Touring The Street Art Of Polk Street

Touring The Street Art Of Polk Street
Photos: Bo McGee/Hoodline
By Bo McGee - Published on July 22, 2015.

The work of artists who are both world-famous and locally notorious can be found on Polk Street, which has long been home to a thriving arts community with cutting-edge sensibilities. Today, the visual tableau of the neighborhood continues to evolve, and may represent one of the densest clusters of pieces by high-profile artists in the city. 

The largest and most prominent piece is Rotten Apples (sometimes called Basket of Apples) by Aryz, a fine artist from Barcelona with a portfolio full of massive walls around the world. The 70-foot portrait of a peaceful bohemian farm girl has been gazing down on the busy intersection of Polk and Eddy since 2013. Recently, a tagger hit the upper left corner of the mural using the tag "NOCS."

The notorious Mitchell Brothers O'Farrell Theater has made its ample wall space available to artists for decades. Original owners Jim and Artie Mitchell were as supportive of the visual arts as they were of the performing arts, and they commissioned a series of murals in the years before 1991, when Jim fatally shot Artie.

The business, now technically known only as the O'Farrell Theater, continues to sponsor new murals. The whales on the Polk side of the building were painted by Academy of Art University students in 2011, and the psychedelic wheatpaste mural on the alley side was installed earlier this year by John Vochatzer.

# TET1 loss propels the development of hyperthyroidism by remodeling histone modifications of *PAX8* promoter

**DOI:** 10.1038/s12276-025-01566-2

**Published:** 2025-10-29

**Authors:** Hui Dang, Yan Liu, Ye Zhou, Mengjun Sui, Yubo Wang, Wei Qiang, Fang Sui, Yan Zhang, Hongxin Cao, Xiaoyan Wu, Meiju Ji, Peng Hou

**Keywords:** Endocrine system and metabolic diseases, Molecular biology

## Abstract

Not all of Polk's street art scene can be found above the horizon. The neighborhood is rich with street-level tags, stickers and stencils as well.

An early piece by stencil artist Eclair Bandersnatch can be found on the 1000 block, though it has been partially worn away by passing feet. 

If you happen to peer down Austin Alley, you'll see several large pieces tucked about halfway down the block.

American Indian Occupation was painted by Jaque Fragua and Spencer Keeton Cunningham in 2011, as a response to the Occupy movement from a Native American perspective. 

Across the alley is this wall, bearing pieces by Geso (top) and Gleak (bottom). Both pieces represent a form of graffiti art known as "writing," which typically features a stylized signature that's more complex and artful than tagging. Geso's layered, repeating patchwork of signatures can be seen on buildings throughout the Bay Area.

These whimsical, tumbling bears are the hallmarks of Sirron Norris, an accomplished multimedia artist who's been prolific in the San Francisco arts scene since arriving from Pittsburgh in 1997. Norris has created numerous murals across the Bay Area, and was the head artist on Fox's animated sitcom Bob's Burgers. This untitled piece at Sacramento and Polk was completed in 2014.

Moving further north along Polk, the presence of both murals and graffiti steadily disappear. At the corner of Polk and Pacific Jackson is the last, most unlikely, and most massive canvas space: the now-closed Lombardi Sports. While it's unlikely that the new operators of the space—whoever they might be—will have need for a mural featuring extreme outdoor sports, the big, flat, canvas-like walls could do far better than a coat of beige paint.